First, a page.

Converting the nation’s second-largest school system into an all-charter district is a long-shot -- one that requires state approval and support from a majority of teachers.
But members of the Los Angeles Unified Board of Education said they were exploring all options -- even those that are unlikely -- as the district contends with a charter school expansion plan spearheaded by the Broad Foundation. The plan seeks to enroll more than half the district’s students in charter schools over the next eight years.
On Tuesday, a board committee reviewed a report that outlines the process for becoming an entirely charter school district. Board members said the goal was primarily to identify how the district could benefit from the same flexibility currently provided to charters.
Charters are publicly funded, independently operated and free from some regulations that govern traditional schools. Most are non-union.
Board member Richard Vladovic said the chances of L.A. Unified becoming an all-charter district were “slim and none.”
Another board member, Monica Ratliff, who chairs the budget, facilities and audit committee, said she was “not hearing that a majority of board members want this district to go all charter.” Instead, Ratliff said the committee was simply trying to learn how it could seek more autonomy from the state.
“It’s not fair that the current system provides autonomies to the charter schools and not to traditional public schools,” Ratliff said.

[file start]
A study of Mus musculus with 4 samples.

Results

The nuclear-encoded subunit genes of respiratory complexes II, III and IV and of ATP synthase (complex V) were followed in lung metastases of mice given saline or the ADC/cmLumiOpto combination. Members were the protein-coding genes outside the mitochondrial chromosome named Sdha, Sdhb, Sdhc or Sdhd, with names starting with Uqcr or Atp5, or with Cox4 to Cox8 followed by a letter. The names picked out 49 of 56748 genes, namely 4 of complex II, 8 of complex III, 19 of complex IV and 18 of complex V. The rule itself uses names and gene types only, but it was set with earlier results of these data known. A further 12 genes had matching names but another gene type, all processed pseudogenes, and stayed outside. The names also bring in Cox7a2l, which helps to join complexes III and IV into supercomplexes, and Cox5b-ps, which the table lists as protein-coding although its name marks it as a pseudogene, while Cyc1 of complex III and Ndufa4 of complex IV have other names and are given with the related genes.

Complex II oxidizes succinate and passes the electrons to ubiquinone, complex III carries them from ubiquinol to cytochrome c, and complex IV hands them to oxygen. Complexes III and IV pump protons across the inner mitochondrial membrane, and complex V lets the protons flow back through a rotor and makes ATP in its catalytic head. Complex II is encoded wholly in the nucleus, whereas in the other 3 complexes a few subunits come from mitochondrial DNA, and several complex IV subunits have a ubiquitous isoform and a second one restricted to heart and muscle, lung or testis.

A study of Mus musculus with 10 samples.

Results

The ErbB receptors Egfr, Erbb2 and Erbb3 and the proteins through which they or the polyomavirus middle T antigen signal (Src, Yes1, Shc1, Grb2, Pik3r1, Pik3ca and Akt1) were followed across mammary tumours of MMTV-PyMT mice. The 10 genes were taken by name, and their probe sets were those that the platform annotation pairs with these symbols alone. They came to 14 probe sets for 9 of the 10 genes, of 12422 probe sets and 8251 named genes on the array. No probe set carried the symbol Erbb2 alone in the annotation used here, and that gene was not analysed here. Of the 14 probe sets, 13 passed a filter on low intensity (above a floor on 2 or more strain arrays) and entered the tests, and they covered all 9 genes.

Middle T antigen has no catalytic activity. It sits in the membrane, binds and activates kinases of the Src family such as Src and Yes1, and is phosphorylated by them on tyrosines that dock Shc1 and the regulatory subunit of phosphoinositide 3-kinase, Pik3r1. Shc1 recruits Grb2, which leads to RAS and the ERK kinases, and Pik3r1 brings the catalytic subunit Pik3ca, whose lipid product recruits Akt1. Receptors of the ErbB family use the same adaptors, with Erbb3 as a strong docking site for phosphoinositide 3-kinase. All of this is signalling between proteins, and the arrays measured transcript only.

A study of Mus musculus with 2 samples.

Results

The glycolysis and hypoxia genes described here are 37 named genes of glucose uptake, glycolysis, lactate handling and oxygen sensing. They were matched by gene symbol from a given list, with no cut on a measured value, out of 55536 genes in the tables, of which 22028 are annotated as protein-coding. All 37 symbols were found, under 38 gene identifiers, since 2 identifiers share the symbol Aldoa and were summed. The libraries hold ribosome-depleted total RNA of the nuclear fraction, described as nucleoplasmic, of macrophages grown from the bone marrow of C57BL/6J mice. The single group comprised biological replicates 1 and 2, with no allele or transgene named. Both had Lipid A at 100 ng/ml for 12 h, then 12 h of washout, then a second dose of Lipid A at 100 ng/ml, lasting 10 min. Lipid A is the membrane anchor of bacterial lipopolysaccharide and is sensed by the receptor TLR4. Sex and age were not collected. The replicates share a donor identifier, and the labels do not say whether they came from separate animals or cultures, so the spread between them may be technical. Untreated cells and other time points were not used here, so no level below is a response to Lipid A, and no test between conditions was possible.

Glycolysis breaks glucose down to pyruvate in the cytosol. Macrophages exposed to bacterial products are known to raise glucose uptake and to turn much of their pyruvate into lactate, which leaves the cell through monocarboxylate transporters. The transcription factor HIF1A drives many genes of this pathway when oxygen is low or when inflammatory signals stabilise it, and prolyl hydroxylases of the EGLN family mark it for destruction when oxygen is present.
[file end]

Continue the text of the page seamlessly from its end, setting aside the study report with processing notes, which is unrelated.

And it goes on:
Board members asked for more research on the financial impact of becoming a charter district and what would happen to the charter schools already approved by L.A. Unified. The board also asked for a breakdown of the waivers from state regulations provided to charters but not to traditional systems.
The district is looking for ways to stem declining student enrollment from a range of factors, including charter school growth.
Critics of the projected $490-million charter expansion plan argue that it threatens the sustainability of the district and could hurt its ability to serve students. Supporters say the plan seeks to improve options for parents who are not satisfied with traditional public schools.
Any decision on whether to begin the process for becoming a charter district would require a board vote.
The school district would then need more than 50% of its teachers to sign a petition favoring the change. It would also have to find alternative options for students who don’t want to attend a charter school, according to the report.
State Supt. of Public Instruction Tom Torlakson and the state Board of Education must separately approve petitions for all-charter districts.
California has seven charter school districts that serve between 100 and 1,500 students. The state board has oversight of those districts.
Board member Ref Rodriguez said the conversation about all-charter districts is important even if L.A. Unified does not intend to pursue such a change.
“What it might lead us to is an application for waivers,” Rodriguez said.
The Times receives funding for its digital initiative, Education Matters, from the California Endowment, the Wasserman Foundation and the Baxter Family Foundation. The California Community Foundation and United Way of Greater Los Angeles administer grants from the Broad Foundation to support this effort. Under terms of the grants, The Times retains complete control over editorial content.